By Sarah Watson
“OK, Google, let me talk to IFIS.”
“IFIS, what are the flood conditions for Iowa City tomorrow at 5?”
“The river height near your location is 9.68 feet. There are currently no flood warnings in your area.”
When heavy rains pour in, or the river levels are high, artificial-intelligence systems through Skype, Facebook Messenger, Google Home, Amazon Echo, or Siri will soon be able to answer any question relating to rainfall or flooding.
Called “Flood AI Alpha,” the artificial-intelligence algorithm is one of many projects Assistant Professor of civil/environmental engineering Ibrahim Demir and a team of researchers has worked to help communicate information about natural disasters to the public.
“You can ask a question as if you are talking to a flood expert and get an instant answer with real-time data,” Demir said. “If your mother or grandmother wants to learn about something happening with floods, you want them to be able to access this data instantly.”
In 2008, a devastating flood caused $743 million in damage and recovery costs on the UI campus, according to the UI.
In response to the flood, the Iowa Flood Center was born in 2009. As a project for the center, Demir started working as the architect for the Iowa Flood Information System, an interactive visual website that provides public information about flooding for thousands of Iowa communities.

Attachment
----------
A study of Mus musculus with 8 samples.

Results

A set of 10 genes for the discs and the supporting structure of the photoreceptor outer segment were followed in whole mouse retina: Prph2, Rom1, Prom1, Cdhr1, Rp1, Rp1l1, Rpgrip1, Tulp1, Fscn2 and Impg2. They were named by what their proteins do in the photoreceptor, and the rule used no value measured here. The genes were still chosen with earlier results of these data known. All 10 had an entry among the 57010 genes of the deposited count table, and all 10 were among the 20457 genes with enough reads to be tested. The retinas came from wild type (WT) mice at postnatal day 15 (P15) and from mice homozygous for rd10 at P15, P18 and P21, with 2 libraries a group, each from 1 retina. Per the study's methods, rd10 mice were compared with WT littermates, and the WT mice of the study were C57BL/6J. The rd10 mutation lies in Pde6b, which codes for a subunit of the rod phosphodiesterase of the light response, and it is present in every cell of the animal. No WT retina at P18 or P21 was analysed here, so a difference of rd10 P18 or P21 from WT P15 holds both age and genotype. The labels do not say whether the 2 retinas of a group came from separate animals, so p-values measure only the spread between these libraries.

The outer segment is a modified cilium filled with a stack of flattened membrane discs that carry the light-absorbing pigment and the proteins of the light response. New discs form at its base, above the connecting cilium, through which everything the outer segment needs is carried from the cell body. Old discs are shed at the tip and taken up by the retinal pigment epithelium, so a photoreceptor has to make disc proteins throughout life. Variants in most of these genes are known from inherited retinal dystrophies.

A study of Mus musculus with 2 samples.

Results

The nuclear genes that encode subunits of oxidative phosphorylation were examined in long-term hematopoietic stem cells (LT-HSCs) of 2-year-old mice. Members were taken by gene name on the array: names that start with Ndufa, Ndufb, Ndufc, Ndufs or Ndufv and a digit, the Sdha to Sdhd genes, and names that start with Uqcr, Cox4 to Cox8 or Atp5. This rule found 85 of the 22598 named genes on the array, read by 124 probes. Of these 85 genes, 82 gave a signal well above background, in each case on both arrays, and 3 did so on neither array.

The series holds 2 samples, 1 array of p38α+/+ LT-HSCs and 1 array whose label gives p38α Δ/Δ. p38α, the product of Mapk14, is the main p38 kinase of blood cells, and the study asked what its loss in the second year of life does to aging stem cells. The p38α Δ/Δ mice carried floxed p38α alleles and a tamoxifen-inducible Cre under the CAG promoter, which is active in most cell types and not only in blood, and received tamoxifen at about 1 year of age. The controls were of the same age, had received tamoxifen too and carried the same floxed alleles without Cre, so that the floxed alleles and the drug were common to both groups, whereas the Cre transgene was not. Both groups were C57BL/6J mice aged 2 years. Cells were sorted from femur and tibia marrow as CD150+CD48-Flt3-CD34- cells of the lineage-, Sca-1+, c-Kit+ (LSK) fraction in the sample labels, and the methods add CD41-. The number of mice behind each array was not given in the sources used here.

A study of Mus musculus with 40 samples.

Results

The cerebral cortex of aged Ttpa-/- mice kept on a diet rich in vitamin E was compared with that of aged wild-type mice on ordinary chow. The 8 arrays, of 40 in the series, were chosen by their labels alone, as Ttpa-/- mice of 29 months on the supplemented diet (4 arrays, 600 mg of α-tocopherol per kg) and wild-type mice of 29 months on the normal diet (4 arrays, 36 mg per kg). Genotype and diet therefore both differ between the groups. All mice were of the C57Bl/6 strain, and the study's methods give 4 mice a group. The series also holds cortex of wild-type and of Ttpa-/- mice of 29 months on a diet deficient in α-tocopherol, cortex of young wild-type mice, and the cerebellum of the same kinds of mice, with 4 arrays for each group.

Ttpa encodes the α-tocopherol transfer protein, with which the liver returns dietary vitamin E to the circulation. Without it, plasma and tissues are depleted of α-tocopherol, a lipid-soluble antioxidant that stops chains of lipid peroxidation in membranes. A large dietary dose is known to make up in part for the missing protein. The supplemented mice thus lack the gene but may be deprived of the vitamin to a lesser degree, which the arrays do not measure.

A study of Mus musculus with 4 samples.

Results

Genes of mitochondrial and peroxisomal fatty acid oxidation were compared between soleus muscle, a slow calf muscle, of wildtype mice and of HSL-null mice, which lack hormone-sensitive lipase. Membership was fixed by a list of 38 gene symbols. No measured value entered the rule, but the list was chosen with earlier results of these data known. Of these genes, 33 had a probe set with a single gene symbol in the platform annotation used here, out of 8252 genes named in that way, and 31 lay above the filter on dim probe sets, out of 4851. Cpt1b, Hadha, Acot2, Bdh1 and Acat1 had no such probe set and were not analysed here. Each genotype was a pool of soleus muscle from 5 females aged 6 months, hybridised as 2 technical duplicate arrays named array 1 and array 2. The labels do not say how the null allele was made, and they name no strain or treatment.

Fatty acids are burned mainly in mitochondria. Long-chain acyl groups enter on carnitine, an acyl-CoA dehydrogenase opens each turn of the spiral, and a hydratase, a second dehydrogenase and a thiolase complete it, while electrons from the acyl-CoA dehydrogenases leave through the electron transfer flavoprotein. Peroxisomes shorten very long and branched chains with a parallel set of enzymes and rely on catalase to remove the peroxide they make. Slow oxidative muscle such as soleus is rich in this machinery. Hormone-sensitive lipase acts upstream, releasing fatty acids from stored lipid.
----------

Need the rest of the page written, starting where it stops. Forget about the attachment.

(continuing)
Launched in 2010, the website takes information from more than 250 sensors in Iowa rivers and streams to create visual maps that update every 15 minutes to show water height, rainfall, flood warnings, and inundation maps.
The website has had more than 2.4 million page views since it launched, and in September 2016, Demir said, the site crashed because of high traffic.
Demir’s next steps are to take that mine of information and condense it so anyone can access it without needing any technical knowledge of the interface.
It also includes information from the census to estimate cost of building flood damage and risk of economic damage, and people will even be able to ask IFIS to send a tweet, SMS message, or email to a loved one if water levels reach a certain height.
Demir will present his project, along with other projects, at a legislative breakfast in March 2018, which will double as its unveiling to the public.
His team of researchers is also developing augmented reality and virtual reality to use for building developers and other decision-makers.
Individuals such as city officials, engineers, and developers could put on a device like the HoloLens, and an entire holographic city would unfurl before them.
“We developed these 3D models from real-world data using digital elevation models, real-life building structures, and actually simulated real-life flood scenarios,” Yusuf Sermet, project research assistant, said.
The VR project won second place as well as $20,000 worth of technology for an innovation challenge sponsored by the Weather Channel and Samsung at the Samsung Development Conference.
Project research assistant Muhammed Ali Sit said he is working to be able to categorize people’s tweets to determine locations of heavy rainfall or flooding.
“When people tweet about how there’s a flood in their backyards, but we don’t have sensors in that area to verify that information, we can use these tweets as a virtual sensor,” Sit said.